March 13, 2012 — George Brant's drama "Elephant's Graveyard," opening March 21 at Culbreth Theatre, will serve as the centerpiece of the University of Virginia's four-day celebration of the art of the American circus – and the career of circus expert LaVahn Hoh, a drama professor in the College of Arts & Sciences.
"Elephant's Graveyard" is the story of the collision between a struggling circus and a tiny Tennessee town in 1916, and how it resulted in the only known lynching of an elephant. The play combines historical fact and legend to tell the true and tragic tale, using first-person narrative to relay the perspectives of the circus folk and townspeople alike and capture their thirst for spectacle, violence and revenge. "Elephant's Graveyard," directed by Richard Warner, will be presented at 8 p.m. on March 21 through March 24.
"One of the truly fascinating things about this play is you have these two points of view," Warner said. "You have the circus, and their love and enthusiasm for Mary, this elephant, who is the star of their show. And you have the town, which has such great enthusiasm for the circus coming to town only to see this horrific event happen, which in turn creates an even bigger spectacle."
The "group tell" format, Warner said, makes the story even more compelling. "You have these 15 people on stage, and they are telling it together. The one thing I really admire about the play is that there are no images whatsoever of Mary. It is all in the imagination of the audience. It's the simple power of everything that is defining in theater. So the bottom line is, it's about storytelling, much like the radio dramas that our grandparents or great grandparents grew up with as they imagined these stories that actors brought to life."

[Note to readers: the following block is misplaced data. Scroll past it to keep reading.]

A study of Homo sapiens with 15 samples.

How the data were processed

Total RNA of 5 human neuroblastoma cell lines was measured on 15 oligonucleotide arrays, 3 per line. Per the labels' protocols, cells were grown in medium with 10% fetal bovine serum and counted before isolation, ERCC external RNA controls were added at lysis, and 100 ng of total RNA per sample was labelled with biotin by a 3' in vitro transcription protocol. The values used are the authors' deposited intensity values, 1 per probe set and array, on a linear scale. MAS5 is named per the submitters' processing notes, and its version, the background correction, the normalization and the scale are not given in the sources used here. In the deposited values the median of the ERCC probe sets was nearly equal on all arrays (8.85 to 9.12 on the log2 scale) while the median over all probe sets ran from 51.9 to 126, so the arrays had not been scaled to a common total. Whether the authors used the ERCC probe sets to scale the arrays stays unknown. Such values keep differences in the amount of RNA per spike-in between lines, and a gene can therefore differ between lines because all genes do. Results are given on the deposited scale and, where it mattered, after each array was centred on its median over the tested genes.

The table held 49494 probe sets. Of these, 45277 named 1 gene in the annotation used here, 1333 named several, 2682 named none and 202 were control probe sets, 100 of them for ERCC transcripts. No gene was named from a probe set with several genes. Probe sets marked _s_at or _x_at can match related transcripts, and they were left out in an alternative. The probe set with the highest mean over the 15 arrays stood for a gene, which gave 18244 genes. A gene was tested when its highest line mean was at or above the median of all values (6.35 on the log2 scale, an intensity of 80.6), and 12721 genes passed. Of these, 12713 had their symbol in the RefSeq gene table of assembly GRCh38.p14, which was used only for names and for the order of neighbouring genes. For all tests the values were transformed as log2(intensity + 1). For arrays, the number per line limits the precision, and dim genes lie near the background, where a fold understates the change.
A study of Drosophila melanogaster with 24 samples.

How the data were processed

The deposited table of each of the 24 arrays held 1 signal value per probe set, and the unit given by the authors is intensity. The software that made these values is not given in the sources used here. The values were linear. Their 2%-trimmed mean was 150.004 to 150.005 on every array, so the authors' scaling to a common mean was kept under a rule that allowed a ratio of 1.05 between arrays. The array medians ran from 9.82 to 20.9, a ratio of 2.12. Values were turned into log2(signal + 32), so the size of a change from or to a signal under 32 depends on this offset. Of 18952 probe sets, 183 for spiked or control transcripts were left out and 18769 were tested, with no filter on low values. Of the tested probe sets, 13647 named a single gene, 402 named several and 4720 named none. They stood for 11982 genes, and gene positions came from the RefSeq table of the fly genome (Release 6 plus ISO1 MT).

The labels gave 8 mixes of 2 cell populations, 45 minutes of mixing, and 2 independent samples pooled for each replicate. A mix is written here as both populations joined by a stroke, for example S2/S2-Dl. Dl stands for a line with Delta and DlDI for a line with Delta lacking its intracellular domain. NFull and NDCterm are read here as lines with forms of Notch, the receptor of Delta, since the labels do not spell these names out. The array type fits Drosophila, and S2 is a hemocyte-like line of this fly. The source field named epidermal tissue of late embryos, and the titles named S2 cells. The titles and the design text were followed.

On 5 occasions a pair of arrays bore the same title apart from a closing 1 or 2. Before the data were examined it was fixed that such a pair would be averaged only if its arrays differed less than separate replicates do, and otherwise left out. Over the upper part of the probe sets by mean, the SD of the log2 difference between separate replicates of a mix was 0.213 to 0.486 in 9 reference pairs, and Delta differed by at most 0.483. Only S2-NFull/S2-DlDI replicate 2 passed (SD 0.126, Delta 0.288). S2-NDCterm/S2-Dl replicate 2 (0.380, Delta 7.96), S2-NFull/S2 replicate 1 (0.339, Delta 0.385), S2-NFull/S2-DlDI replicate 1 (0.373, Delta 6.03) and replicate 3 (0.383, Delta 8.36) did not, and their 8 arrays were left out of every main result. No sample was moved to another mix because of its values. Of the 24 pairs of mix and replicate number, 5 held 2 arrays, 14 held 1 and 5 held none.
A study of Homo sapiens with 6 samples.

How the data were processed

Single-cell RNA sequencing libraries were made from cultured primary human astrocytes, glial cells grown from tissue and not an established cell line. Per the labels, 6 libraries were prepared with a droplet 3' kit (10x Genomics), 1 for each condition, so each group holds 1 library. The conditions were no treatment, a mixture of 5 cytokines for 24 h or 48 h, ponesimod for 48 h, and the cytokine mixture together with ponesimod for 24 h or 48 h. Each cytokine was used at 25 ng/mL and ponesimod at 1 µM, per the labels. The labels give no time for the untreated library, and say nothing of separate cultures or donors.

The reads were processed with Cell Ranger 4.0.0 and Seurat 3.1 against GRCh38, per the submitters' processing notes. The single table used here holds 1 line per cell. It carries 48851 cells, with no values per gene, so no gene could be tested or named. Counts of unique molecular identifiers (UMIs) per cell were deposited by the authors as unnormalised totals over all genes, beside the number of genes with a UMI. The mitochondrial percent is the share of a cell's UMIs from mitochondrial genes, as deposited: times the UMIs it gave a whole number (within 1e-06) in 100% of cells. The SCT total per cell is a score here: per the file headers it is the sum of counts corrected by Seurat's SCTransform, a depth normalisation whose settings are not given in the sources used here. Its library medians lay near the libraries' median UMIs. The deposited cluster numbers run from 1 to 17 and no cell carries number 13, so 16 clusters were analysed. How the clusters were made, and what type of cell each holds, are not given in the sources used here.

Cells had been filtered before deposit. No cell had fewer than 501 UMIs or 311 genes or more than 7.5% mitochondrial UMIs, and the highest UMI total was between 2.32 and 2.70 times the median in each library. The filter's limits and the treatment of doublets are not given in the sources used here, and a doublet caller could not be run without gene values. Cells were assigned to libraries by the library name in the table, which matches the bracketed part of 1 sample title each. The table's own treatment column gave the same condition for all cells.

The play will be combined with a series of lectures and special events that will highlight the Drama Department's unique academic focus on the American circus, shared for more than four decades by author and circus historian LaVahn Hoh.
"LaVahn is the reason I got involved in this play," Warner said. "LaVahn's passion and enthusiasm for the circus is truly remarkable, and he has taught me, and so many others, the importance of an event like the circus in the American tradition and culture."
Hoh has put together and will participate in a number of special panels over the course of the show's run, Warner said, including post-performance discussions on the first three nights.
"As this is a fairly short play, I see these discussions as a sort of second act," he said. "So I went to LaVahn and said, 'Let's bring your friends in!'"
Those friends include Janet M. Davis, a scholar, author of "Circus Age: Culture and Society Under the American Big Top" and professor of American studies at the University of Texas, Austin, who will join U.Va.'s professor of theater history John Frick and Hoh for a discussion on "American Culture, Society and the Circus" following the opening night performance.
The following night will feature a discussion on "The Art of Clowning," in which Hoh and Davis will be joined by Steve Smith, former director of the famed Ringling Bros and Barnum & Bailey Clown College and of the Big Apple Circus.
Friday's post-show event will feature the Keenan Lecture by playwright Brant and a question-and-answer session with Brant, Davis and Hoh.
The circus celebration wraps up March 24 with a 4 p.m. performance by the Bindlestiff Family Cirkus. Founded in 1995, the New York-based company is dedicated to the celebration of circus arts, and tours with a combination of custom performances and themed shows that showcase genres ranging from circus to sideshows, Wild West shows, vaudeville and beyond.
Tickets for the play are $14 ($12 for seniors and U.Va. faculty, staff and alumni association members; $8 for students). Tickets for the circus performance are $10 ($5 for students and children. They are available online, by calling 434-924-3376, or in person on weekdays from noon to 5 p.m. at the U.Va. Arts Box Office in the lobby of the Culbreth Theatre building.
The 2011-12 U.Va. Drama Department season continues next month with Shakespeare's "Romeo and Juliet," which comes to the Culbreth Theatre from April 19-21 and April 25-28 at 8 p.m. and April 29 at 2 p.m.
Free parking for all performances is available at the Culbreth Road Parking Garage, located alongside the theaters.